Ghost Bobby (Jim Beaver) returns as Dean and Sam battle a very haunted house in this week's episode of Supernatural.
More than anything else, Supernatural is a show about the inability to escape your nature haunted by it, if you will. How many times have Sam and Dean hung up their guns and tried to walk away from the hunter life? How many times has the idea played out that there's some monster trying to overcome its monstrous nature to be better or more human? You can't get away from who you are, even in death. That's the problem with the murderous ghost in this week's Supernatural and to a great extent Bobby's issue as we see that maybe Sam and Dean might not be happy to have their surrogate father figure pulling a Ghost Dad on them.
The Leviathan threat continues to take a backseat this week (although we do learn that season heavy Dick Roman is funding a suspicious number of archaeological digs), as Sam and Dean investigate the disappearance of a fellow hunter Annie (Jamie Luner) in connection with a house occupied with more than your normal number of ghosts. In one of the unexplored ideas of this episode (something I hope will get explored at some point), one of the spirits has mastered manipulating physical objects while also empowering himself with the spirits of other ghosts.
Mostly, "Of Grave Importance" serves as an extended look at ghost "life" as we learn that spirits continue to age and even lose their mental faculties after death (has this been in any other fiction besides here and The Fades), and it's something of an eye-opener for Bobby who knew the risk of taking on this second life after years of dealing with crazed and vengeful spirits. The other function the episode serves is to provide Bobby with knowledge of how to interact with the world and make his presence known to Sam and Dean. We learn that earlier attempts like turning a page or simply rustling a curtain have in the past caused him to black out for weeks on end, but thanks to a not-so-helpful ghost, Bobby discovers that if he can just calm himself, he can reach out and touch something. This last bit is handled somewhat sloppily, as Bobby goes from desperate to move a quarter on a table to scribbling notes in steam without a whole lot of follow-through in the episode about how he got so good so quickly. Likewise, the vengeful ghost at the heart of this episode gets what feels like short shrift as the plot juggles Sam and Dean's investigation along with Bobby and Annie reconnecting.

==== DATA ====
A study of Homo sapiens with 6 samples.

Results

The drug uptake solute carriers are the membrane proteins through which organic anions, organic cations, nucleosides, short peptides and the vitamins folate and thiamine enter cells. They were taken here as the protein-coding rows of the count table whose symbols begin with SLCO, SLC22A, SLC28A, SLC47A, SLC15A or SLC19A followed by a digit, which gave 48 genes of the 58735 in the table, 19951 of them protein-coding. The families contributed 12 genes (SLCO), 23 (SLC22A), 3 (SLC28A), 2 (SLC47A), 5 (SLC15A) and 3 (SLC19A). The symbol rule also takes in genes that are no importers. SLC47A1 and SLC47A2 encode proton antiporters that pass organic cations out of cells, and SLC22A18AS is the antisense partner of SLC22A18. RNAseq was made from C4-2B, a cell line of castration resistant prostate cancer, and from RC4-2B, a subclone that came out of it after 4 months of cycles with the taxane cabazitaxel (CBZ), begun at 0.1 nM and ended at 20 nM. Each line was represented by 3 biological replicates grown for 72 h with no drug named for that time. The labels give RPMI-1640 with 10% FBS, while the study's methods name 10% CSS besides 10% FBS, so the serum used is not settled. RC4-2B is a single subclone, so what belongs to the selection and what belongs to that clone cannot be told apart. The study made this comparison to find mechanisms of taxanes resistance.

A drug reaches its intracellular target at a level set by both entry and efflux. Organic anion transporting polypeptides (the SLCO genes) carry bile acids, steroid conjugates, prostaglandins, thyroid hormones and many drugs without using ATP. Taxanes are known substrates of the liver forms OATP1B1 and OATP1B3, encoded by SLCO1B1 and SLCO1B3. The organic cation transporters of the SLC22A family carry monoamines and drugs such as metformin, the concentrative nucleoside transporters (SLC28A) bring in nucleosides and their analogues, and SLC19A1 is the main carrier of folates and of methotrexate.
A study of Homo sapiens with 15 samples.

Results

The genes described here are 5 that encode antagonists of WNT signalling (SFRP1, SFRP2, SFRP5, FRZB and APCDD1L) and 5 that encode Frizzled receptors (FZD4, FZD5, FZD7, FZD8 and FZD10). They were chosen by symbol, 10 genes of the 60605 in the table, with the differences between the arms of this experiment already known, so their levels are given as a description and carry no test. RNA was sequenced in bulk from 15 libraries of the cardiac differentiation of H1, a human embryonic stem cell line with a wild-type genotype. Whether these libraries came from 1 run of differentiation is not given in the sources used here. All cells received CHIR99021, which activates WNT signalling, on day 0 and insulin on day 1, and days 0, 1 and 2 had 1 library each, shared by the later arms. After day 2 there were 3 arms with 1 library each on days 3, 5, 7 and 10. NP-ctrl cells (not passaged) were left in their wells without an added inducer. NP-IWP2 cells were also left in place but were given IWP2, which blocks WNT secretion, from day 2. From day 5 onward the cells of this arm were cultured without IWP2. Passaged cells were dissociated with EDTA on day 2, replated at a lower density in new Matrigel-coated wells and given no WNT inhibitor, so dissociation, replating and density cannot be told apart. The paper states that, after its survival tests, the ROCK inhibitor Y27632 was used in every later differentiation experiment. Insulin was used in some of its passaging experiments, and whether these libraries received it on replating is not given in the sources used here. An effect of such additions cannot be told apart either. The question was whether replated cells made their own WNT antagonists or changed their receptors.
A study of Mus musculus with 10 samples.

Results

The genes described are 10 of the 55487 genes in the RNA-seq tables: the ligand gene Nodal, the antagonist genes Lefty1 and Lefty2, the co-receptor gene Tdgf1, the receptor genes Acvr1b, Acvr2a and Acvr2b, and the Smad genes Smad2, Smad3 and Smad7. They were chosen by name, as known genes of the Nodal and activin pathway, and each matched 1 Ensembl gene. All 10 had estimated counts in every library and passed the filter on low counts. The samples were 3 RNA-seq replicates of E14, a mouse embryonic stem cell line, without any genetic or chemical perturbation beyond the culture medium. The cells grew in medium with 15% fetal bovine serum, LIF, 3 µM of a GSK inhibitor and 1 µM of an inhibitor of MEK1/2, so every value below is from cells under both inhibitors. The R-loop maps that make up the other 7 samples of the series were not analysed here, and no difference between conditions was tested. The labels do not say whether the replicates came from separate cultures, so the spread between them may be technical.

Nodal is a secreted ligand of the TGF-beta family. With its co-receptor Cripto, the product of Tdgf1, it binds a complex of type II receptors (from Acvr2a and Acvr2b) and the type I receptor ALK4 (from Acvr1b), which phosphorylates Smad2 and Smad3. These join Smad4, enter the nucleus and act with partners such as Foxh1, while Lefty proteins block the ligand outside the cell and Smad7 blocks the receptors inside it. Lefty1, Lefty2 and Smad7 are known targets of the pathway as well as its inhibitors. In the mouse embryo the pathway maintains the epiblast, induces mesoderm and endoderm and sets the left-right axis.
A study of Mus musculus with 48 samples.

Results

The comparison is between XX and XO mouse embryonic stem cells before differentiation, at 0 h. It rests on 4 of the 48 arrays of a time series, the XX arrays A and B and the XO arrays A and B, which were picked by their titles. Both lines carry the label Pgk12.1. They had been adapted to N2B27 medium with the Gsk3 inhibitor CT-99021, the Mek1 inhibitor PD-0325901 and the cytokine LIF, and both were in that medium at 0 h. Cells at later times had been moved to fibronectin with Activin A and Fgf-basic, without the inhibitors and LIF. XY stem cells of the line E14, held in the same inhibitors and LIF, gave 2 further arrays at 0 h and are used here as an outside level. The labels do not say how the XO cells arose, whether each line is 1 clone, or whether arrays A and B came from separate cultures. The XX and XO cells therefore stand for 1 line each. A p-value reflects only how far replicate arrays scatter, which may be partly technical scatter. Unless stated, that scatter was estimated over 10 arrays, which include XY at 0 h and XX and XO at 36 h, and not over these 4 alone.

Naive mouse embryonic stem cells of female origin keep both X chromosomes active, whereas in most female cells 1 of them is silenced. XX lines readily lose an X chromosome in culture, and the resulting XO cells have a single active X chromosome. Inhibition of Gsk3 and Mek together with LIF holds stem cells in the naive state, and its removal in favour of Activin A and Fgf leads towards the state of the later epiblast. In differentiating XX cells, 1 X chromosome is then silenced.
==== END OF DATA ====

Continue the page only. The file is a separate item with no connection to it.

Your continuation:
The Bobby-Annie story is the real heart of "Of Grave Importance," and the interactions between Luner and Jim Beaver give the episode real emotional resonance. We know Bobby decided not to go to the great beyond for good reasons, but as Annie points out, sticking around is maybe not the best thing, particularly given a hunters' long experience with ghosts. Frustration and anger can take over and next thing you know, a ghost becomes a poltergeist and Sam and Dean will have to do for Bobby what's they've done for malicious spirits in the past. While those of us who are fans of Jim Beaver in general and Bobby Singer as a character in particular would probably rather that not happen, while it's Bobby's nature to be a hunter, it's in a ghost's nature to deteriorate over time. With only a handful of episodes left this season, it's unlikely that Supernatural will get around to the ultimate implications of Bobby sticking around (or how bad it will get), but you can bet it's coming.
Next week: Felicia Day guest stars as a hacker inside Dick Roman's organization in "The Girl With the Dungeons and Dragons Tattoo."